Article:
Maryam Mirzakhani made history this week. She became the first woman to win the Fields Medal, which has been called the “Nobel Prize of math."
This is especially timely, given the recent national discussion on the economy. President Barack Obama brought up the idea at a press conference in July that women should possibly be put on some dollar bills. And that's not an uncommon thought.
Overall, printed bills and their relevancy have been questioned. Kenneth Rogoff, a professor of economics at Harvard, discourages use of the $100 bill. He wrote in a research paper that the big bill can help criminals, especially because it is the highest in print, and the one most commonly used to transfer large funds.
So are we on the cusp of changes to dollar bills? After all, using cash costs Americans $200 billion a year because of the way people spend the money, research has shown. And Americans overall prefer plastic over print, according to another study.
Are women on the bills of the future? If so, who would make their way onto those fat stacks of green?
Here are 12 women we believe deserve a spot on the U.S. dollar:
Susan B. Anthony
Women’s rights got a big push with the help of Susan B. Anthony, who formed the New York State Woman’s Rights Committee and the Women’s New York State Temperance Society, with the help of Elizabeth Cady Stanton. Both organizations fought for women’s rights to own property and vote.
Amelia Earhart is known for being the first person to fly across the Atlantic Ocean — and then disappear during her flight across the Pacific. It would only be respectful to put her onto one of America’s bills to commemorate her contributions.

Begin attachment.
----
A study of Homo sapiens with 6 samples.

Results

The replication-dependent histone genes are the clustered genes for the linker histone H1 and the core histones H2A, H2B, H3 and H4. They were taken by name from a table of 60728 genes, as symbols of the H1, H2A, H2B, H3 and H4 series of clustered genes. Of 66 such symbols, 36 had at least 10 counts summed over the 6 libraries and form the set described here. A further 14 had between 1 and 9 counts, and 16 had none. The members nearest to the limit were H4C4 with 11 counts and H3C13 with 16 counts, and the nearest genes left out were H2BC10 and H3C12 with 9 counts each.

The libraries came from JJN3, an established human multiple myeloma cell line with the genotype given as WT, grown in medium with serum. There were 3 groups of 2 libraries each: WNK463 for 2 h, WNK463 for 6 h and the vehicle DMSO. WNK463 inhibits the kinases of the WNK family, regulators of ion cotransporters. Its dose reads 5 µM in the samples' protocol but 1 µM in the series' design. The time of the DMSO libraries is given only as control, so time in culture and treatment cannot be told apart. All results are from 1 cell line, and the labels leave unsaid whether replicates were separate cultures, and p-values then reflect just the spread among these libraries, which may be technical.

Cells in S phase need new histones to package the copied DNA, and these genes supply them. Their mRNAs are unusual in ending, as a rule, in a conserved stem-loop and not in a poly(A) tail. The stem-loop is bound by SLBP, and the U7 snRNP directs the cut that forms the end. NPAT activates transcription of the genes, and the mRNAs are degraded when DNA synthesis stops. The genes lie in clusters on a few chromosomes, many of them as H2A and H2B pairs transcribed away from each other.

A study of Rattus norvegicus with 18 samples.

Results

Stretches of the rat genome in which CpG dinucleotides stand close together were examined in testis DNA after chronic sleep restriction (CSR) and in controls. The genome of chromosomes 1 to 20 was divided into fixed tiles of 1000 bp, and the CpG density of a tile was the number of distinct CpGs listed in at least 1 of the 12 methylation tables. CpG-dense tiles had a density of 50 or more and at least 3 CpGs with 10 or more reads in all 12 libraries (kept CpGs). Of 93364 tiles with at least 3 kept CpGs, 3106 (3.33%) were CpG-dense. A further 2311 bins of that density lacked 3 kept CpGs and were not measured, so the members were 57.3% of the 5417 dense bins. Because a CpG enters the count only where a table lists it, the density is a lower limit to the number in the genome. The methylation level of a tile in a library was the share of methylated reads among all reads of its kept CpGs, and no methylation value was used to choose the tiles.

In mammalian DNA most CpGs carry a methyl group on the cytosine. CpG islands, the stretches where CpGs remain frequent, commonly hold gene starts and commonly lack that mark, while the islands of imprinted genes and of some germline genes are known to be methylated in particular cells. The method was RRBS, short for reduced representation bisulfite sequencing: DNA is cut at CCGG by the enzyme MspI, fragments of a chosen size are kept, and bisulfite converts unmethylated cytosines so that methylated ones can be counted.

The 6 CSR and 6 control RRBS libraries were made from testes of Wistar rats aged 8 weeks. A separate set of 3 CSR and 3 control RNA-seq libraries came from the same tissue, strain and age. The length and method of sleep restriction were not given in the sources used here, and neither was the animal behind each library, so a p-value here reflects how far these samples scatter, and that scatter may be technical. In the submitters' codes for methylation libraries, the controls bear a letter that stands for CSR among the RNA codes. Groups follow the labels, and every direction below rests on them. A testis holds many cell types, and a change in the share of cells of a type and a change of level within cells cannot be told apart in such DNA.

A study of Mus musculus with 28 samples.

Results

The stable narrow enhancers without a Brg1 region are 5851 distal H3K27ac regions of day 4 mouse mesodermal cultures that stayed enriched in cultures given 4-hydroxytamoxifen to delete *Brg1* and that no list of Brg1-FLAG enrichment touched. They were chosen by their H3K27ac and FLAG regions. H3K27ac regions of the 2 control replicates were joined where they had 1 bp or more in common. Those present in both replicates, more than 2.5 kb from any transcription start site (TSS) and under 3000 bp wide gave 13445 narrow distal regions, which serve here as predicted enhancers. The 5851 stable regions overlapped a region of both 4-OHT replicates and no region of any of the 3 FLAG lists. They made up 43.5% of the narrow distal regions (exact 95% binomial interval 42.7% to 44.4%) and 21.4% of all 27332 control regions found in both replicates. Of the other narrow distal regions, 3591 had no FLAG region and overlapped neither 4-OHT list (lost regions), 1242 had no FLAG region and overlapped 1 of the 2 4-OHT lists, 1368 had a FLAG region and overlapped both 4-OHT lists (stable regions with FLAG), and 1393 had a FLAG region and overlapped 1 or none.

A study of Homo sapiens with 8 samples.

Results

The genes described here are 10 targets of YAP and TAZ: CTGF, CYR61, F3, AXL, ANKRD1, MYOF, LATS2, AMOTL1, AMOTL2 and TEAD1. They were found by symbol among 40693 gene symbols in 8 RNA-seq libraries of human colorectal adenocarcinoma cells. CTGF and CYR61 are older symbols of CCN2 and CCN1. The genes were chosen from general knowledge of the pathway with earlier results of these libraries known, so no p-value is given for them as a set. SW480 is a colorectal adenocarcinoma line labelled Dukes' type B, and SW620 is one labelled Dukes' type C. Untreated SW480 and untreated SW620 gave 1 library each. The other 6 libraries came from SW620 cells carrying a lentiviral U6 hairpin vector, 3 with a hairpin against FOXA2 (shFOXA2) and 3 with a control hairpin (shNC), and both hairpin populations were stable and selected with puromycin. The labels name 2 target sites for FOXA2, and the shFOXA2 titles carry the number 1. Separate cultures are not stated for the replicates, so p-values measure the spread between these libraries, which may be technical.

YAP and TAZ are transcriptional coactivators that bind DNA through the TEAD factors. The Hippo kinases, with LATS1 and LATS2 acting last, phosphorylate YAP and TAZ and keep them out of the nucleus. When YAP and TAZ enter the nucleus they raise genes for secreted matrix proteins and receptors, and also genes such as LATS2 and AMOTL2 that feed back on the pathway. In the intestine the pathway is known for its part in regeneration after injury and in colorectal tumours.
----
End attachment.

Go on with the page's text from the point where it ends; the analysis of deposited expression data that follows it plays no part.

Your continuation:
Rosa Parks is one of the most influential civil rights activists. Her shining moment came when she declined to give up her seat in the front of the bus, causing uproar for some, but also inspiring others to help the civil rights movement progress.
Sacagawea is about as American as you can get. She helped Lewis and Clark on their expedition out West, which led to increased growth and development of the United States. The Shoshone interpreter is currently on a $1 coin, so putting her on one of the bills wouldn’t be too unfamiliar.
Mary Todd Lincoln
The emotional and outspoken Mary Todd Lincoln is a staple historical figure from the Civil War era as the first lady during Abraham Lincoln’s presidency. Mary Todd was known for supporting the cause of the North during the Civil War, despite her family's affinity for the South.
It’s hard to top Abigail Adams in terms of her family lineage. Not only did she marry President John Adams, but she also gave birth to John Quincy Adams, who went on to become the sixth president of the United States. Impressive.
Legend holds that Betsy Ross created the first American flag. Though she didn’t do much else in the political sense, her legend and the folklore surrounding her creation is enough to warrant a spot on one of the bills.
Jackie Kennedy is all too familiar with tragedy. A pop culture sensation during her time as first lady, Kennedy watched her husband, President John F. Kennedy, get assassinated in 1963. Her ability to rise above and remain a figure in American culture is enough to earn her a spot on one of our bills.
Hillary Clinton was the first lady under her husband President Bill Clinton, and experts say she’s making a run of her own for the position. Regardless if she takes the presidency, though, Clinton has had a considerable impact in politics during her time in the White House and more recently when she was secretary of state.
Helen Keller’s impact on the United States is not only incredibly powerful, but inspirational too. Both blind and deaf, Keller helped teach people in similar situations and start the American Civil Liberties Union.
Eleanor Roosevelt13 comments on this story
Eleanor Roosevelt changed the way the first lady played her role in the White House. Her involvement in politics during her husband President Franklin D. Roosevelt’s run as president set the precedent for the first lady to have a more active approach when it comes to participating in politics.
Don’t think Beyoncé has done enough to make it on the bill? Fair enough, but she has inspired a whole congregation to form in her name. And she’s worth $300 million on top of that. She may not be as historically prominent as some of these other women, but her impact on modern American culture cannot be matched.